Harris County officials are expected to address continued overcrowding and understaffing within the county jail during a meeting with state officials this week.
Since Sept. 7, 2022, the Harris County Jail has continuously violated statewide safety standards for not providing timely medical care, keeping people in holding cells for longer than the legal limit and insufficient staffing levels within the facility.
Officials with the Texas Commission on Jail Standards have previously warned the county that they could face state intervention if the laundry list of issues within the troubled facility aren't remedied.
“Next steps could possibly be reducing [the jail’s] approved capacity to operate to come into line with the staff they have available,” said Brandon Wood, executive director of the Texas Commission on Jail Standards.
"Staffing, being the major driver of these areas of concern, is a difficult issue to address, but they are going to have to figure out a way to address it," Wood said. "They need to be making measurable, sustainable progress in very short order."
Now, during the commission's quarterly meeting on Thursday, county officials will once again be held to the fire and asked to outline efforts they’ve taken to alleviate the facility’s problems.
One of these efforts came in the form of 12% salary increases for detention officers back in September in an effort to reduce turnover and understaffing within the overcrowded facility. Officials also approved funding to equip detention officers with body-worn cameras and to hire five Jail Population Specialists, who will be tasked with identifying stagnant cases in an effort to expedite the court process and depopulate the facility.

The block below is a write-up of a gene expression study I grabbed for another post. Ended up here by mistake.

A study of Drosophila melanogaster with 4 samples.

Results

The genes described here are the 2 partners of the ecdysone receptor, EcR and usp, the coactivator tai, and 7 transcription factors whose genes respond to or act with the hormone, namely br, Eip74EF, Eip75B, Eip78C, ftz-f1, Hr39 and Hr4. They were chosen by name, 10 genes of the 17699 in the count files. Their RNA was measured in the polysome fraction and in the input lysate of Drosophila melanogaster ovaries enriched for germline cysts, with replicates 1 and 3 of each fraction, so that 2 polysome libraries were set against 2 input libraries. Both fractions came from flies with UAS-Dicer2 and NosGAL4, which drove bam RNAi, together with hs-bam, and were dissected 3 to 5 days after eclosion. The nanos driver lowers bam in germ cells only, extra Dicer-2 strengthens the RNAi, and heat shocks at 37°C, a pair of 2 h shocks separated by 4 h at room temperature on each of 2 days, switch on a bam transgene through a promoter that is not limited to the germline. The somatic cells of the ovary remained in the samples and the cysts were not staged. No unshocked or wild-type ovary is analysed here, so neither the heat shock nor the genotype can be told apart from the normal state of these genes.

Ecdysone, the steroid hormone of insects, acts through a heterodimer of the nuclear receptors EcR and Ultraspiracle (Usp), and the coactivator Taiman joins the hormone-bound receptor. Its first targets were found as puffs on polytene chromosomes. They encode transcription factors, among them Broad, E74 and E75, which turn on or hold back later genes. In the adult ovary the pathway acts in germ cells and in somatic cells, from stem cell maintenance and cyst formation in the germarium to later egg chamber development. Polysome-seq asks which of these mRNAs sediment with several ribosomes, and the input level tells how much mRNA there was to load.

Additionally, County Engineer Milton Rahman told county officials on Tuesday that his department was currently conducting a study analyzing the jail’s infrastructure and potential upgrades in an effort to reduce the risk of injuries and deaths. According to Rahman, the study should be complete by the end of January 2024.
“We have invested, since my arrival at Commissioners Court, over $120 million to update the way the jail operates,” said County Judge Lina Hidalgo on Tuesday. “But we still have the highest population that we have had, at least since I’ve been here, and that’s unacceptable.”
However, jail reform advocates — like Krishnaveni Gundu, the executive director of the Texas Jail — believe money won’t address the root cause of the issues within the troubled facility.
“When people keep pointing to the staffing issue, they forget that what’s actually killing people in there is the culture,” Gundu said. “They’re pointing to paying more as a way of retaining people, but it’s still those very stuffers who are killing people. It’s the culture that has been perpetrated from the top down that’s killing people.”
So far this year, at least 15 people have reportedly died while in custody at the jail. This comes after at least 27 people died while in custody — the highest number in nearly two decades, according to county records and the Texas Justice Initiative. As of Tuesday, there were 9,365 people in the jail and 1,256 people were being outsourced to other facilities, according to the Harris County Jail dashboard.
The commission's meeting will begin at 9 a.m. on Thursday in Austin and will be streamed online.